A Computer Christmas
Ho ho! Christmas is now just around the corner, and Chanukah begins at sundown tomorrow night, which means it's not too early to start worrying about shopping for gifts for your loved ones.
In case you're tired of giving Veritas ties to your grandfather and cheap cologne to your roommates, read on for some computer gift ideas.
(A word of disclaimer: As I'm close to broke after having bought too many, uh, spirits to celebrate this holiday season, I don't plan to actually buy anything from this guide myself. So don't send me e-mail to "flame" me if, say, your girlfriend jilts you because you bought her a mousemat instead of something more memorable from Victoria's Secret.)
Has your best friend been complaining about not being connected to the campus data network lately? That may be a hint that she wants an Ethernet card for her computer. Available from the Technology Product Center for between $150 and $250 (and possibly less through mail-order), these devices allow a PC or Macintosh to access the campus network, which has been activated in the Yard and will be available in the Quad in January.
For $150, you can also get a high-speed faxmodem at the Egghead Software store located at 1000 Mass. Ave. Manufactured by Intel, the company best known for its microprocessor products, these faxmodems feature 14,400 bits per second (bps) transfer rates for both data and fax transmissions and are ideal for dialing up to husc systems as well as sending out faxes directly from your (or your recipient's) computer.
If telecommunications don't excite you consider multimedia upgrade kits. Starting at $400, these kits include a CD-ROM drive, a stereo sound card (absent in Mac versions since Macs have built-in stereo sound), a pair of speakers and an admirable collection of CD-ROMs.
If $400 sounds too much to spend even for your most beloved, you can keep your holiday budget down by skipping the multimedia kit and just getting some CD-ROMs (Let your friends worry about the CD-ROM drives themselves!).
For the PC, recommended CD-ROM titles include "Multimedia Beethoven," which features a wonderful performance of Beethoven's Ninth Symphony and bar-by-bar analysis and "Bookshelf" from Microsoft, "Languages of the World from NTC" and "Star Trek: 25th Anniversary" from Interplay.
For the Mac gang, Microsoft's "Multimedia Beethoven," is also available. Another title worth checking out is Grolier's "Multimedia Encyclopedia."
Do you have a precocious little sister who aspires to become a chess grandmaster? If so, Software Toolworks' "Chessmaster 4000" for the PC or "Chessmaster 3000" for the Mac may brighten up her face with a big smile--and not because she can beat the chess-playing software all the time!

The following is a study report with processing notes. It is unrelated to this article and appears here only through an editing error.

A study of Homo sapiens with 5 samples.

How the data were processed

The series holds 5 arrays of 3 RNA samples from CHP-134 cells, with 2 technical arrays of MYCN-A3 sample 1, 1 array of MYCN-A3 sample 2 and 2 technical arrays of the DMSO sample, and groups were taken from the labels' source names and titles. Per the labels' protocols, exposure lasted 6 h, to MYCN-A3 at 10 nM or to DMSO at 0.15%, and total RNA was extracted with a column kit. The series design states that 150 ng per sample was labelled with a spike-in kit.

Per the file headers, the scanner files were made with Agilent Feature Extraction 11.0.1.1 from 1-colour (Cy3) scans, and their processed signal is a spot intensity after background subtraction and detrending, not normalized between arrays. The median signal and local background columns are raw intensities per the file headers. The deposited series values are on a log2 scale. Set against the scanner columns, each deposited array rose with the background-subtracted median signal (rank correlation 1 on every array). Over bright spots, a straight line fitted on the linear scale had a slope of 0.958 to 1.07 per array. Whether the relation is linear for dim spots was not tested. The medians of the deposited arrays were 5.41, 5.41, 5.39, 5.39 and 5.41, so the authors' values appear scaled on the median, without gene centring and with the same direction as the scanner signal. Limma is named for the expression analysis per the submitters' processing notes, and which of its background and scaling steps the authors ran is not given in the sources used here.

In fact, the popular chess program is very a strong player--I say that because I lose to it a lot--and can be a great aid in teaching chess. If you are more into the fun aspect of chess playing, take a look at "Battle Chess" from Interplay. It's the only chess program that animates the chess board.
As it's important to stay healthy during the holiday season--even for a computer--you may want to give gifts of anti-virus software, which protect computer against malicious little bugs that may make a system totally unusable.
For the Mac platform, Symantec's "Anti-Virus for the Mac" (commonly known as SAM) provides powerful defense against viruses. For the PC, the "Norton Anti-Virus," also from Symantec, has won my respect by rescuing my computer from a viral infection a year ago.
What's the surest thing to come after Christmas? If you said taxes, you were on the right track. For parents who enjoy doing their own taxes (such as is the case with mine), "Turbo Tax '93" and "MacIn Tax," both from Chipsoft, will no doubt be received warmly (if not as a reminder of a tough tax season).
The programs, with separate versions for the 1040 series of federal income returns and for a number of states, have been updated to reflect changes in the federal tax law and are of invaluable help in correctly figuring out your taxes.
If your mom and dad don't figure out their own income taxes, you can still buy them "Quicken," available for both PCs and Macs, so they will have an easier time next year managing the pots of cash they may have put away.
The popular finance program, from Intuit, won the 1993 PC Magazine Editor's Choice award and has been trusted by many who rely on it to straighten their finances.
Still need ideas for stocking stuffers? Little things such as mousepads, palmrests, power surge protectors, and computer tool kits all make great holiday gifts.
Like your grandmother used to tell you, it's not how much you give, it's how much love you show by giving.
And remember, you are always welcome to show your love for this column by sending me any computerware.
Haibin Jiu '94, associate photography chair of The Crimson, is the former president of the Harvard Computer Society. His column appears Tuesdays.